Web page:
Efforts to attack multinationals’ tax avoidance at EU level fall foul of national beneficiaries. Time to try naming and shaming instead.
The Netherlands’ insistence that everyone ‘go Dutch’ on mushrooming coronavirus deficits in the European Union has (given its complicity) revived the debate on tax havens within the EU. In an ideal world, action on joint debt issuance should go hand in hand with tax harmonisation and brakes on fiscal dumping.
But, given the current standstill in Europe, it is more likely that national solutions to avoid tax-base erosion will be sought, at least in the near future. Enforcing transparency and leveraging on company reputations could be enacted more effectively than the bans and regulations currently considered.
New data published by the Berkeley economist Gabriel Zucman remind us once again who wins and who loses in the tax-competition game. In 2017, the United Kingdom, Germany, France and Italy lost revenues of $18 billion, $20 billion, $13 billion and $6 billion respectively from tax avoidance by multinational enterprises (MNEs), through profit-shifting to tax havens.
In 2018 the European Commission and Parliament approved a plan for a Common Consolidated Corporate Tax Base (CCCTB). Under this, profits of MNEs would be allocated among member states on the basis of objective metrics such as turnover and number of employees. But the proposal is stuck in limbo in the European Council, where tax matters are decided by unanimity and reforms are blocked by those countries which benefit most from the status quo.
While it is reassuring that the commission president, Ursula von der Leyen, has included CCCTB on the ‘to do’ list of the commissioner for the economy, Paolo Gentiloni, the political will needs to come from the large European countries—all losers from tax competition—to put full tax harmonisation centre stage. This at a time when discussion around the Recovery Fund also requires a marked leap forward in co-operation and co-ordination.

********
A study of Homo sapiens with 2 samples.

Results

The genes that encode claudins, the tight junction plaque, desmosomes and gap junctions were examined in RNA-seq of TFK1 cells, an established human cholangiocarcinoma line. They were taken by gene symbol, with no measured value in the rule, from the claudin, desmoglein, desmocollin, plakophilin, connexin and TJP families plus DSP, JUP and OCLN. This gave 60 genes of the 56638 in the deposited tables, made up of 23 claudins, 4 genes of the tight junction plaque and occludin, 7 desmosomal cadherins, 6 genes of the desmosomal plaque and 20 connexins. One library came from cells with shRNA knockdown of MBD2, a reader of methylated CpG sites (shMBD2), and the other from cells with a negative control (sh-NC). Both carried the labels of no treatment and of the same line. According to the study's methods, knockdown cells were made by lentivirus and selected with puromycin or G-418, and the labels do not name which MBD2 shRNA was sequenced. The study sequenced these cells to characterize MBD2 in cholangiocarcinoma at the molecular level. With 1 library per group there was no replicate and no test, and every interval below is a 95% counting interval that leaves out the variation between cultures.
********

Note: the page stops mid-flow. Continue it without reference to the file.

While waiting for the European Godot, the fight against tax avoidance continues via unilateral measures, such as the recent French and UK digital-sales taxes. Poland, Denmark, France and Italy have recently announced the intention to refuse, within their Covid-19 emergency plans, the bailing out of companies registered or with subsidiaries in tax havens.
While simple in theory, in practice this strategy runs into problems, as there is no common agreed definition of tax havens. Although the Tax Justice Network’s Financial Secrecy Index includes 133 jurisdictions, the EU’s own ‘non-compliance jurisdictions’ amount to only 12: American Samoa, the Cayman Islands, Fiji, Guam, Oman, Palau, Panama, Samoa, Trinidad and Tobago, the US Virgin Islands, Vanuatu and the Seychelles.
Notably absent—reflecting political compromise—are the EU’s own tax havens. If the planned measures by France, Italy, Denmark and Poland are based on the EU list, then the chances are that these measures will be merely symbolic. On the other hand, if the exclusions were to include corporations based in EU tax havens, they would most likely be considered by the commission an infringement of free capital circulation.
This would not be a new requirement: since 2013, within the Basel III framework, the EU requires similar reporting from financial institutions operating within its borders. This has reduced tax avoidance.
The transparency conditionality would force MNEs to internalise part of the social cost of shifting profits to tax havens, forcing them to account for something more precious than turnover—reputation. The public outcry against child labour which has damaged global brands such as Nike, ultimately forcing them to change business practices, shows that conditionality based on transparency can be easier to implement and more effective than bans and regulations.